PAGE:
Farmington’s Fogarty advocates for replication of state’s dental therapy program
Appears on television, before Congress to spread message
Farmington City Council Member Christy Jo Fogarty has taken the national stage to encourage expansion of the first dental therapy program that trains dental hygienists to perform some of the same services as dentists.
Dental therapists provide dental services to the poor and uninsured who are not getting regular treatments, in part due to a shortage of providers who accept Medicare and other public assistance.
In 2009, Minnesota became the first state in the nation to allow dental therapy training, and Fogarty, a dental hygienist, was in the program’s first graduating class last year.
Dental therapists fill cavities, clean teeth and perform extractions under a dentist’s supervision.
After 2,000 hours experience, they earn the title of “advanced dental therapist,” and are free to expand their work outside of the dentist office, such as in nursing homes, to perform additional procedures but still following a dentist’s treatment plan.
Although the idea of similar educational programs have been discussed in other states, Minnesota’s front-runner status has allowed Fogarty a platform upon which to advocate for the program to spread beyond state borders.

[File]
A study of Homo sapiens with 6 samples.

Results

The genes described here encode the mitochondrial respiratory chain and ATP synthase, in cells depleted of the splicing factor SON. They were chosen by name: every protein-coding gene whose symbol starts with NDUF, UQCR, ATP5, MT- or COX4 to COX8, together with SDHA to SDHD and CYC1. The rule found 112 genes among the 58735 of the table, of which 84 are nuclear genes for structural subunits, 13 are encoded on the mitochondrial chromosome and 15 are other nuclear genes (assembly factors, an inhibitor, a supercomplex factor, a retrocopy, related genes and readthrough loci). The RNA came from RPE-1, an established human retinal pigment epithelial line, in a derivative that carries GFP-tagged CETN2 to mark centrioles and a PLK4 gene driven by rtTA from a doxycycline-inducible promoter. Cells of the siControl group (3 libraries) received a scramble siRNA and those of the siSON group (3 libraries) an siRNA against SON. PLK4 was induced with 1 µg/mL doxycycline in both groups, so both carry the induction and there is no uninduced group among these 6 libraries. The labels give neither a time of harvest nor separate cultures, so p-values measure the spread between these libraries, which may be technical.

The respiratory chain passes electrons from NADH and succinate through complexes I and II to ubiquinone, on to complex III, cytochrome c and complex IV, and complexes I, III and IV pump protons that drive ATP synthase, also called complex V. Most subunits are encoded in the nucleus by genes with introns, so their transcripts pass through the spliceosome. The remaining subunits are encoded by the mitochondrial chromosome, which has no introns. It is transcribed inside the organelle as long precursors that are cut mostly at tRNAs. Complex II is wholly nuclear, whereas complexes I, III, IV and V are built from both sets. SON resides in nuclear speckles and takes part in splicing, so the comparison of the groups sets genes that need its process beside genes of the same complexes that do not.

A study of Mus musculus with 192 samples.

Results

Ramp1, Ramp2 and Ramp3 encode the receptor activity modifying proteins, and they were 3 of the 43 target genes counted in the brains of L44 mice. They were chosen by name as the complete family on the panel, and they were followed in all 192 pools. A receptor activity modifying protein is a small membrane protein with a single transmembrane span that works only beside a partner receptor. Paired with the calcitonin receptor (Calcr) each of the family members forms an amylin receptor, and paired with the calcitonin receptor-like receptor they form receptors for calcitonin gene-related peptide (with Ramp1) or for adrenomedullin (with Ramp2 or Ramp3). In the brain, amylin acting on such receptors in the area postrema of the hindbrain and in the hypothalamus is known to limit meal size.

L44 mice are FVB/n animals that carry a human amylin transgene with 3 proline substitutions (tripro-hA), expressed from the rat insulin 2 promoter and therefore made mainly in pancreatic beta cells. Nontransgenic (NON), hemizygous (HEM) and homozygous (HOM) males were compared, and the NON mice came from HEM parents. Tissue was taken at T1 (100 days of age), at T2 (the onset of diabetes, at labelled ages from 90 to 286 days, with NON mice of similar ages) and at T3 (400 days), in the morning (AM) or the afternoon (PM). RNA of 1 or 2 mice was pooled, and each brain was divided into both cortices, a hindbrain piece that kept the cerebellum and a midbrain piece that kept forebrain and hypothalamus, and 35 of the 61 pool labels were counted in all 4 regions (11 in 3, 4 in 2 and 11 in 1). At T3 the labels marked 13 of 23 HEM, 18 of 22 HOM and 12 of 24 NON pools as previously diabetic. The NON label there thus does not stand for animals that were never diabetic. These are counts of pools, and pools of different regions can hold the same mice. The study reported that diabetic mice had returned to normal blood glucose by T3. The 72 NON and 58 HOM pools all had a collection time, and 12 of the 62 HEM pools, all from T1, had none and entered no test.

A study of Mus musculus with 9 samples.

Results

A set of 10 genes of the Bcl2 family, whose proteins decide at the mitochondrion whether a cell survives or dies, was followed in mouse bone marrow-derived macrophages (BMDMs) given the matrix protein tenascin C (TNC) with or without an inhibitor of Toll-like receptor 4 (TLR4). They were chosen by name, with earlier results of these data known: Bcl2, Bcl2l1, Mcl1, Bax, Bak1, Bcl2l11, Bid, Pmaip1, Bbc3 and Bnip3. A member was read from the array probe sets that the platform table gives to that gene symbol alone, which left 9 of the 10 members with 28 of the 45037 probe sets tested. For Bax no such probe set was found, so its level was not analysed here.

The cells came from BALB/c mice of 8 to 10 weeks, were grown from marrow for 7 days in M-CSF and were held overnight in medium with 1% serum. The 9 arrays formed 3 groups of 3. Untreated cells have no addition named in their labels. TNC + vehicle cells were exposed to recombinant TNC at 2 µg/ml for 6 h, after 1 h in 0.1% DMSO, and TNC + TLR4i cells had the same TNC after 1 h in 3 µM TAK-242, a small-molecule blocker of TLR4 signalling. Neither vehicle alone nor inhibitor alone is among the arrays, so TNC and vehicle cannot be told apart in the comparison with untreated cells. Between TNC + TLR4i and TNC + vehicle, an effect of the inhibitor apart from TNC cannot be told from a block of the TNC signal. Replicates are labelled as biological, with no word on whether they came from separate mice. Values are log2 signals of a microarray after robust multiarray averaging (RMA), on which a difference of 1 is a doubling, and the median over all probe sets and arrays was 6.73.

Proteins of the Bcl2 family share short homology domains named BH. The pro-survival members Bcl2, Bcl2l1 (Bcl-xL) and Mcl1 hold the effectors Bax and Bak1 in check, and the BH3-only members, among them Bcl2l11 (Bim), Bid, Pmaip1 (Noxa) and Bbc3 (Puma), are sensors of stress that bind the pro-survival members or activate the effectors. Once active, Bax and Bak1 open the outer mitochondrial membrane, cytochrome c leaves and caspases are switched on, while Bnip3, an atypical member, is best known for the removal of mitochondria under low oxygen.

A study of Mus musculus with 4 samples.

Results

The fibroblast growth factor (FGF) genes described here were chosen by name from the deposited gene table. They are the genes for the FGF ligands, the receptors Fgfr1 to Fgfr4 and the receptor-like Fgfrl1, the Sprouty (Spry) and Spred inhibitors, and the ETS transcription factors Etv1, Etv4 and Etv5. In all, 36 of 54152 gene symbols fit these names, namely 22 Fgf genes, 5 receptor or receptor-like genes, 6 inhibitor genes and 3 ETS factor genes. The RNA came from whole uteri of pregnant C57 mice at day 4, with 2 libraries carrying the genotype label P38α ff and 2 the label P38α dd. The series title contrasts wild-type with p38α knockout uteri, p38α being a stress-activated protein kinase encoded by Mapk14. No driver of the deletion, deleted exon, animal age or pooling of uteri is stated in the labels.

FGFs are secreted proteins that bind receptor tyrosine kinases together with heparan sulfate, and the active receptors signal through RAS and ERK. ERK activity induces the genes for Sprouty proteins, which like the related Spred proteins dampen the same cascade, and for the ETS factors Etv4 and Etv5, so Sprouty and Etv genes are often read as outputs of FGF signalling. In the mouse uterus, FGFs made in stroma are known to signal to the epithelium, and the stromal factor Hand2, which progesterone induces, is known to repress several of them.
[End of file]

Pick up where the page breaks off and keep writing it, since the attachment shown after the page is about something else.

At the request of U.S. Sen. Al Franken, in February Fogarty testified before a U.S. Senate committee for expanding the training to other states.
She was also interviewed for a PBS’ “Frontline” report about the issue set to air in June.
The show took hours to film and the crew “almost took over part of the clinic,” Fogarty said.
She said they asked a wide range of questions that she was instructed to respond as if they had not asked her a question.
“I thought they’d interview me for five or 10 minutes and it would be about a two-minute spot, but it was a two-and-a-half hour interview,” Fogarty said. “It really surprised me.”
Testifying in Washington, D.C., was a whirlwind experience for Fogarty, who said she arrived, testified and returned home in less than 24 hours.
She had been recommended to appear before the committee by her instructor.
Fogarty remains interested in more opportunities to advocate for similar programs in other states.
She said Vermont legislators are interested in the program, including U.S. Sen. Bernie Sanders, chair of the committee that Fogarty addressed.
While Fogarty is working to expand dental therapy programs in other states, the American Dental Association and similar advocacy groups oppose allowing non-dentists to perform surgical or irreversible dental care like extractions, citing patient safety concerns.
Fogarty said an advanced dental therapist is not a replacement for a dentist, but will help everyone, including seniors and children, have access to oral health care.
Laura Adelmann is at email@example.com or facebook.com/sunthisweek.